A Cook County judge has ordered Chicago police to release police misconduct investigation files from 1967 to 2015, by the end of the year. A judge set a timeline for the release of all of the files by December 31, 2020, after the city failed to comply with a previous court-ordered deadline to turn over 4 years of the files.
At the center of the case is Charles Green, who was 16 years old when he was arrested in 1985 for a quadruple murder on the city’s west side. He was accused of accepting $25 to knock on the door of a drug dealer’s apartment so rivals could go in and kill the people inside. He says his confession was coerced. Green said he gave in eventually and just said what they wanted me to say.
Green walked out of prison in 2009 after a judge reduced his sentence and he’s been fighting to clear his name. In 2015, his attorney sent an open records request asking for police misconduct investigation files for the entire department dating back to 1967 to preserve evidence not only in Green’s case, but for others who may be wrongfully convicted. Green’s attorney, Jared Kosoglad said the order threatens to expose decades of police corruption and other skeletons out of CPD’s closet.
Activists have argued for the release of complaint files, but most have remained hidden. Legal experts say police could have argued Green’s request was overly burdensome. But the department didn’t respond, in violation of state law, and Green filed a lawsuit.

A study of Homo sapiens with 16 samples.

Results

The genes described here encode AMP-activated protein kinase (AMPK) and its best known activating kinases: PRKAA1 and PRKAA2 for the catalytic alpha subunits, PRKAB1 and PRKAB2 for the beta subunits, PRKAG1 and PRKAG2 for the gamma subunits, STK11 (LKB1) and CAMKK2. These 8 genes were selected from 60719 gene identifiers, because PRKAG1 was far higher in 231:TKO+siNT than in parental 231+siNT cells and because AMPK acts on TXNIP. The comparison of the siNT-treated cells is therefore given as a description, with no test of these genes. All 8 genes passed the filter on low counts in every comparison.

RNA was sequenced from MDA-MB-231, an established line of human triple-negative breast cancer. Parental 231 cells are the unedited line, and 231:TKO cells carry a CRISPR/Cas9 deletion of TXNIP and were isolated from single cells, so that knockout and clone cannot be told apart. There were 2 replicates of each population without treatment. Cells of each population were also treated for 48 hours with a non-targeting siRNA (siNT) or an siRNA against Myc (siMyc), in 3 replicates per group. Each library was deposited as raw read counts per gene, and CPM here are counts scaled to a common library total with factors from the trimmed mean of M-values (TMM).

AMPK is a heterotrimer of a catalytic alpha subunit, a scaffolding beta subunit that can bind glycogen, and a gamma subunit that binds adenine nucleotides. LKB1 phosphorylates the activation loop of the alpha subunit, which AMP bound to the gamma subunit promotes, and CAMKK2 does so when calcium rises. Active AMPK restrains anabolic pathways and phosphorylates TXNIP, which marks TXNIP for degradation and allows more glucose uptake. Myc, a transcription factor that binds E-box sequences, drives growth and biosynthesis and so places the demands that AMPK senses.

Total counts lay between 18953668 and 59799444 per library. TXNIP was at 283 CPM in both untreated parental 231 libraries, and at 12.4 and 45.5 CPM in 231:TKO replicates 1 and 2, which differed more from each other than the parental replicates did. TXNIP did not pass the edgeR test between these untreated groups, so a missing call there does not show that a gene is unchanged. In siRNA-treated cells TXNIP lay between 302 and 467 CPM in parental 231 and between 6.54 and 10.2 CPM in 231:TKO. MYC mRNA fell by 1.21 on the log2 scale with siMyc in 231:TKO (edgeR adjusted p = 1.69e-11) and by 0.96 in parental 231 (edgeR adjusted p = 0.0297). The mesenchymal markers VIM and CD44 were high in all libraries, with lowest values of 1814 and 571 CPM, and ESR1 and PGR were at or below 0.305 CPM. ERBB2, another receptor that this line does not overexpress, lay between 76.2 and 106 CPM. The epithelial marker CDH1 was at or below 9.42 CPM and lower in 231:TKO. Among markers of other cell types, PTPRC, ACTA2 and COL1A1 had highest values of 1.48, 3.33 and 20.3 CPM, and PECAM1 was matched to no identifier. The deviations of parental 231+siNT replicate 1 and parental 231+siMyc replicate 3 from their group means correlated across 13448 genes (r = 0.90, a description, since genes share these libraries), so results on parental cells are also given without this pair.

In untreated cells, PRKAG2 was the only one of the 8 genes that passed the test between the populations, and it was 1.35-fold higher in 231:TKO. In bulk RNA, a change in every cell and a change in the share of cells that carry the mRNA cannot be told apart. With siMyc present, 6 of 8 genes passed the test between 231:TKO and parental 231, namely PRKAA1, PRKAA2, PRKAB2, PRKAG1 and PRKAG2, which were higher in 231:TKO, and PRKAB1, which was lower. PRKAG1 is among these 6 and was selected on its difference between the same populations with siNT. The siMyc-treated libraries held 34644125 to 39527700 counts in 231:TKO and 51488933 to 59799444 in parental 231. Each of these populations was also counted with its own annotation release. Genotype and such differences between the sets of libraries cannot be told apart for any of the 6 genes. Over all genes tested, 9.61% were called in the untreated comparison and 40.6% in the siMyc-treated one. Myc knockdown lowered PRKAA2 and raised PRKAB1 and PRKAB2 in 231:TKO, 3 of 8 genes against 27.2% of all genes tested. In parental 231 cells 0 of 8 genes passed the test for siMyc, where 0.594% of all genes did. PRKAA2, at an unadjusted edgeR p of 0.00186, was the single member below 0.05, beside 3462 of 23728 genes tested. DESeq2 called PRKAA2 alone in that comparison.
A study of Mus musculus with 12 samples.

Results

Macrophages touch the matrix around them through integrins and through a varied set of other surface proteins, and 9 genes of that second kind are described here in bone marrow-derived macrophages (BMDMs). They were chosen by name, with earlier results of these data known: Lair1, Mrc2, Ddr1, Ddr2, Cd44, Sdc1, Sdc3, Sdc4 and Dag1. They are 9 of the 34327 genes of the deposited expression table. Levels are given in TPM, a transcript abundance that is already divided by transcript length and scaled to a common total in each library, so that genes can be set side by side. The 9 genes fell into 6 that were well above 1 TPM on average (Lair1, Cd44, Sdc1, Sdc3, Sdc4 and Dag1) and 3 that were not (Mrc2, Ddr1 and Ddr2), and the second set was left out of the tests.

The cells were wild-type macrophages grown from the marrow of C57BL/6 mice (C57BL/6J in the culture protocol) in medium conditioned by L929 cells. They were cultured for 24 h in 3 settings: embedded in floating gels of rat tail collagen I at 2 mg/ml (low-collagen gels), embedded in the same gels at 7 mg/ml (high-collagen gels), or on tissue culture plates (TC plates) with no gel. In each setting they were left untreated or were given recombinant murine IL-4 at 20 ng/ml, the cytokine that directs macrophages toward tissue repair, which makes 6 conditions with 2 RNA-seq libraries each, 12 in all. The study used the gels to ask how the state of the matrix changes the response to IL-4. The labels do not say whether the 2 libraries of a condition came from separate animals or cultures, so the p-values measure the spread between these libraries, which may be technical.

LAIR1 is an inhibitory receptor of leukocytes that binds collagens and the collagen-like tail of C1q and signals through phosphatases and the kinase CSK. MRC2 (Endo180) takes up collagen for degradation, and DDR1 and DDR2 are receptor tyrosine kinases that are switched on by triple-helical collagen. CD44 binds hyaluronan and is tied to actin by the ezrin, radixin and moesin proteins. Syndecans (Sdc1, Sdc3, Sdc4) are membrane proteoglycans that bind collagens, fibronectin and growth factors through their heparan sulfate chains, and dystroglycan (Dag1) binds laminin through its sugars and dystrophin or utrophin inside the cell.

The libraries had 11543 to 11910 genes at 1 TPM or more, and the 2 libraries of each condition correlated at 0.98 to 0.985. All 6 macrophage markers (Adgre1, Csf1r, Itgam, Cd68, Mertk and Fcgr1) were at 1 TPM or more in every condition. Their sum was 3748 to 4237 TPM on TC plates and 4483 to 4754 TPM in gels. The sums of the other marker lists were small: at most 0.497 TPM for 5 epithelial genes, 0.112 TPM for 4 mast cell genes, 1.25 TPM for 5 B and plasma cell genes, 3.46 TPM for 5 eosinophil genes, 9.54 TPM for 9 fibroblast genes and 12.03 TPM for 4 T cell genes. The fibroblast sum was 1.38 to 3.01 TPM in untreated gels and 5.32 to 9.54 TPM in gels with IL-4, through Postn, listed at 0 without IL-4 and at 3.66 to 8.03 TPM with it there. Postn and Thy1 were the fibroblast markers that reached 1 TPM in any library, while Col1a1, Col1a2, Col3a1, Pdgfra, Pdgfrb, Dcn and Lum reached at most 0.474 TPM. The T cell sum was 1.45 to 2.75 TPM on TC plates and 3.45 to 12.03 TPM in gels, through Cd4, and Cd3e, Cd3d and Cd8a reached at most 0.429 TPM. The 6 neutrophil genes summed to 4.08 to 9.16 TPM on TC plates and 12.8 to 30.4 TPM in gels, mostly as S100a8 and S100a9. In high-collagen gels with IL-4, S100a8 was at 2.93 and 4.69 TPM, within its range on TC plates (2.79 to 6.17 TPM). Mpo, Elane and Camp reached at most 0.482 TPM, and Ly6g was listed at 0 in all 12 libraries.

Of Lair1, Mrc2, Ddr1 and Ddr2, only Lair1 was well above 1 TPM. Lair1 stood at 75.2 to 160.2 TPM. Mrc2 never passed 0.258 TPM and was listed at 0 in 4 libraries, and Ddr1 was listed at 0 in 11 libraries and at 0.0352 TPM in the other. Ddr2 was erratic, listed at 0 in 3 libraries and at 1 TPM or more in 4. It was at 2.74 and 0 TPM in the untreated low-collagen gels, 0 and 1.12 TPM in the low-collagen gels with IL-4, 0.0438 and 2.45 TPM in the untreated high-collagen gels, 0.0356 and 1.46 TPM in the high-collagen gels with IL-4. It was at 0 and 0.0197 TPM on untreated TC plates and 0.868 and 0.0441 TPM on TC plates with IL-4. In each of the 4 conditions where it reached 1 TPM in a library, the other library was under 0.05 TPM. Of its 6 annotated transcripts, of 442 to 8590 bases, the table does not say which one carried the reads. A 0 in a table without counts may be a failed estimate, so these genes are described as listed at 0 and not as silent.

A spokesman for the city Department of Law says the Lightfoot Administration is asking the judge to reconsider the decision to order the release of the files. The department released a statement that said: “The City of Chicago is committed to the highest level of transparency and responds to tens of thousands of Freedom of Information Act requests every year, including requests regarding allegations against Chicago Police officers. This request is different, however, as it seeks every Complaint Register file created since 1967 – approximately 175,000 files, each of which contain dozens to hundreds of pages. The City is currently involved in litigation regarding this request, and the matter is still pending before the court. Complying with this request would present numerous challenges, including millions of dollars in costs and expended public resources.”